Mayor Turner responds to criticism over federal flood funds

HOUSTON, Texas (KTRK) -- Houston Mayor Sylvester Turner said Wednesday he thinks the state controlling more than $4 billion in Hurricane Harvey funding is political, and not because of the city's efforts to rebuild and mitigate.

"This is the silly part of the season," said Turner, who is up for re-election. "This is October. This is pre-election time."

The state announced last week it would not directly send the money to Houston and Harris County.

Then, this week, Turner tweeted about the move, saying "The State of Texas has taken over spending federal money for flood mitigation. But the state has failed to expedite previous spending."



Gov. Greg Abbott responded from his personal account, saying Mayor Turner demanded that Houston get its own allocation of more than $1 billion.



"This criticism, at this point, I find it fascinating," said Turner. "Especially because our conversations with the Texas Department of Emergency Management have been very positive."

The Texas General Land Office told ABC13, "We're not working on a timeline of politics. We're working on getting these funds expedited."

The action plan for funding is due Feb. 1, according to the General Land Office. Last week, a spokesperson said its self-imposed deadline was for determining whether or not to give the money directly to cities and counties. They said it was not timed for an election, in which the mayor faces multiple opponents.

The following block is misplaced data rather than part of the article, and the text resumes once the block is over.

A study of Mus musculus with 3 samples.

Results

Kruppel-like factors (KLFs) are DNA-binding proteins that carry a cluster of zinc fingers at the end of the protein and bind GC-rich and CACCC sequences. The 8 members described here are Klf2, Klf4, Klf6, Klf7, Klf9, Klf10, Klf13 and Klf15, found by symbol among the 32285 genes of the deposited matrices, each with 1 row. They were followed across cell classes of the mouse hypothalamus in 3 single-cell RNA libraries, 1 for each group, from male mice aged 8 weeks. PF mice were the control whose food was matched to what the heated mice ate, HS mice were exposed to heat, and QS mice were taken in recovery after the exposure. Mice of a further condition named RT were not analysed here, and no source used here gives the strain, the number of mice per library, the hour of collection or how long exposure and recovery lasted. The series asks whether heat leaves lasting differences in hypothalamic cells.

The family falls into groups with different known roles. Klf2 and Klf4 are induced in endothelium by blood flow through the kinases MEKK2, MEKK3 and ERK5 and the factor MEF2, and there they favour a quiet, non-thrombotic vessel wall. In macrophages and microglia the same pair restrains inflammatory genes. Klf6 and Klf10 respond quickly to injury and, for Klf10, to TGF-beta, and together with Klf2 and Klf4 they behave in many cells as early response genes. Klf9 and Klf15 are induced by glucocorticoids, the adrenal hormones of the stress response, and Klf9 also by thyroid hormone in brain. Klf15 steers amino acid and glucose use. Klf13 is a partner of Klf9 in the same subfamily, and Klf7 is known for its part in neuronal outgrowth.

Mayor Turner said he doesn't buy it.

"I just find it a little suspect that this criticism is coming at this particular time," he said.

The governor's office also insists this is not politics. but a function of the city and the county moving too slowly in Hurricane Harvey's wake. Turner said his primary concern is making sure that Houston and Harris County get a fair share of the money based on the damage Harvey caused.

"The way these dollars work," explained Turner. "The state is not obligated to spend this $4.3 billion, for example, on the cities or the local governments that were directly impacted. They can spend a lot of these dollars in other geographical areas."

The General Land Office said it is looking for regional projects large in scope that will have the biggest impact on mitigating flooding. That may mean that multiple cities and counties will share projects and may not be specific to one particular region.

The agency said it wants to maximize impact and minimize risk. Turner said he wants to keep the dialogue open.

"I have no interest in getting into a beef with the governor or anyone else," he said. "I have no interest in that. I have no interest in making this thing personal. I have no interest on that, because we all do have to work together."